Silvery with a dark back and green or blackish mottling on the sides with 7-8 spines in the dorsal fin; most of those caught by anglers are 8-12 inches in length.
Statewide; rare in western Iowa. Found in clearer lakes and streams.
Small fish, aquatic insects and their larvae.
3 lbs, 14 oz, 18 in. - Three Mile Lake, Union County, 6/5/2013 - Dale Klein, Omaha, Nebraska.
Fish in brushy areas, if you aren't getting snagged often, you aren't fishing where the fish are!
The black crappie is a silverly-speckled, deep-bodied, slab-sided sunfish and has a large mouth. The upper jaw reaches well past the middle of the eye when the mouth is closed. It usually has a dark back with numerous green or blackish spots irregularly spaced over the sides. There are no distinct vertical bars as in white crappie. The body is somewhat deeper in proportion to its length, and the dorsal, tail, and anal fins are strongly reticulated with black giving the appearance of a dark-colored fin with many whitish spots. The spiny dorsal and soft dorsal fins are broadly connected without being notched. The anal fin is nearly as long and as large as the dorsal fin and has 6 spines. The dorsal fin has 7 or 8 dorsal spines, and the length of dorsal fin base is equal to the distance from the eye to the front of the dorsal fin.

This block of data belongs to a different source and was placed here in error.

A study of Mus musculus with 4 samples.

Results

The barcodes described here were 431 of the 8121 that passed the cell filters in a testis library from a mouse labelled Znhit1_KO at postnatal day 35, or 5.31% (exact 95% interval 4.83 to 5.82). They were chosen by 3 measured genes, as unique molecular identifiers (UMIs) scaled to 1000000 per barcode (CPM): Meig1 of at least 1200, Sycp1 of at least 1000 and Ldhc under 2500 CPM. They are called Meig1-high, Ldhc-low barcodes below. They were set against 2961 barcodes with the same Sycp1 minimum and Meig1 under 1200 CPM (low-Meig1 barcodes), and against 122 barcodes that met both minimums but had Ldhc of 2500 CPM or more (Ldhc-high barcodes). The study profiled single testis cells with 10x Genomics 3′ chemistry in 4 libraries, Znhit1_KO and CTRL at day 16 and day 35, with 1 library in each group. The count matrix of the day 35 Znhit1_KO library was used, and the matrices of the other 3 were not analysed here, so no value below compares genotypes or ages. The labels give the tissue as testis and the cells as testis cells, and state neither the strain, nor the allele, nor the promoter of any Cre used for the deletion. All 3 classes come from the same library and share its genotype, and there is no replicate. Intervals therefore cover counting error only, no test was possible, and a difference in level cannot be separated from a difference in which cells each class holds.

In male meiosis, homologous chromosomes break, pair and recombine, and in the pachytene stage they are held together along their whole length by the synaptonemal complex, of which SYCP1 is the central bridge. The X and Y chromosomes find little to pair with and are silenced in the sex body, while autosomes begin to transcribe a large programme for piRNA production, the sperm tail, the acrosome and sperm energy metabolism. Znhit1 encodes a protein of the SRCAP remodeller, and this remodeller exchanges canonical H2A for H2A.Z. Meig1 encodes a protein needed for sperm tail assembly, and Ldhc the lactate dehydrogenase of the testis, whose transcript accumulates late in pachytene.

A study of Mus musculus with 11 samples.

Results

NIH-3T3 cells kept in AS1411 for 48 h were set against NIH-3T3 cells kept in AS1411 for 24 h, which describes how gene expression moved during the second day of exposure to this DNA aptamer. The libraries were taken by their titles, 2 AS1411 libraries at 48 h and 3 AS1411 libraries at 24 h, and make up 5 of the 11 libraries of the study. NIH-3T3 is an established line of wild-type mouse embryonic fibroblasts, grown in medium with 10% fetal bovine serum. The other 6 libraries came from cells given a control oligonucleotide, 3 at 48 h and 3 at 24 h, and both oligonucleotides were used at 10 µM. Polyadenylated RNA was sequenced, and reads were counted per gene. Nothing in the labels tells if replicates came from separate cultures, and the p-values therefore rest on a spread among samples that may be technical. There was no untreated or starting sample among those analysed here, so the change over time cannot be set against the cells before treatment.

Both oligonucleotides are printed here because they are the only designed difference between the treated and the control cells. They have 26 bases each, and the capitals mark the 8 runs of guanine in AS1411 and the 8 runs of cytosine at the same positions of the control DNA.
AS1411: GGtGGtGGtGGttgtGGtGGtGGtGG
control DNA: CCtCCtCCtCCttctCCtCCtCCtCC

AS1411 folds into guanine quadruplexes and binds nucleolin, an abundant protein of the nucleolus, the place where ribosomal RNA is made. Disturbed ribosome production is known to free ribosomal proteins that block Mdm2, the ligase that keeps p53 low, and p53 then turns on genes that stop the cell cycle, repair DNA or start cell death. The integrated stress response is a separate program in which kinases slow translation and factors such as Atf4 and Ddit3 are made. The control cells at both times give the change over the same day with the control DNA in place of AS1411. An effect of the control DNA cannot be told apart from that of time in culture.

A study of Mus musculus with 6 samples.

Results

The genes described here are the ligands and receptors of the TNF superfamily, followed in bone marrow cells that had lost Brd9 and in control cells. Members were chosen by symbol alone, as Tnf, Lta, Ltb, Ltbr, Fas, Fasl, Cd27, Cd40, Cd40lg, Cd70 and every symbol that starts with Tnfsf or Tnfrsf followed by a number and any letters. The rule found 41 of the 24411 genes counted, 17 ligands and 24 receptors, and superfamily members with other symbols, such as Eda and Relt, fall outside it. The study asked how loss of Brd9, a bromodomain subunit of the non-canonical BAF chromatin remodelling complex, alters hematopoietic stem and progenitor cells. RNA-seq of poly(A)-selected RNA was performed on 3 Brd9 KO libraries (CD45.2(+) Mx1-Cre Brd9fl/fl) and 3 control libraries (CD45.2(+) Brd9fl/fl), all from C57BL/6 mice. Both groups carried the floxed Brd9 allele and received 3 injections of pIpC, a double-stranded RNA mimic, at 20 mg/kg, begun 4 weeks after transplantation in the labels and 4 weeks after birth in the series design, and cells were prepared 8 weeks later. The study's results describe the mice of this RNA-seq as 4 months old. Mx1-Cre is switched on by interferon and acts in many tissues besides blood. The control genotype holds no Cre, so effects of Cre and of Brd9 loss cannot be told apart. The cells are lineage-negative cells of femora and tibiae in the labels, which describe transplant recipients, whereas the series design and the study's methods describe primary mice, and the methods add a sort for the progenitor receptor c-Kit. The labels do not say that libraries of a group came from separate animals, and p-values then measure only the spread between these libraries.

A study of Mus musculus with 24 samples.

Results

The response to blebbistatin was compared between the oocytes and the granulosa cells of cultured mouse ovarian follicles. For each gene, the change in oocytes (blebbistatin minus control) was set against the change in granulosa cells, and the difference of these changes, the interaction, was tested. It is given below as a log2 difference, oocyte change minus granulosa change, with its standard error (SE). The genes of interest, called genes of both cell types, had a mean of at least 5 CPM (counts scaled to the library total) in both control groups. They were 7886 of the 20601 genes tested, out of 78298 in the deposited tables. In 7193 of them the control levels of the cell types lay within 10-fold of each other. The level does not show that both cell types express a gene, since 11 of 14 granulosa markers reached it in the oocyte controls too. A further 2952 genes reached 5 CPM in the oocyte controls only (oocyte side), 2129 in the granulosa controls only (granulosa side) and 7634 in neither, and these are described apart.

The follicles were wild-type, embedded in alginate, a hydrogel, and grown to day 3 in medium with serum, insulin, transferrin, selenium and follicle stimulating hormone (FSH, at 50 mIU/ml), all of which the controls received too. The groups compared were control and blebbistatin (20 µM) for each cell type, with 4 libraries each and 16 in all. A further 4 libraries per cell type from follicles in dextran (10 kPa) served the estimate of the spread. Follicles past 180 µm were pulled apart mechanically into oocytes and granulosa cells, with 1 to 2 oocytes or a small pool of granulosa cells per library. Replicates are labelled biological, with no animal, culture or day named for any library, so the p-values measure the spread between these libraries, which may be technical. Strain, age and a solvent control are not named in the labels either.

Spawning requirements for black crappie are nearly the same as those of white crappie, but the nest size is slightly more shallow. The nest is usually constructed in 3 to 8 feet of water. Black crappie spawn at water temperatures of 58 to 64 degrees F. Fecundity of female black crappie may range up to 150,000 eggs, but 20,000 to 60,000 eggs are more the rule. Nests of both crappie species usually contain similar-sized egg masses.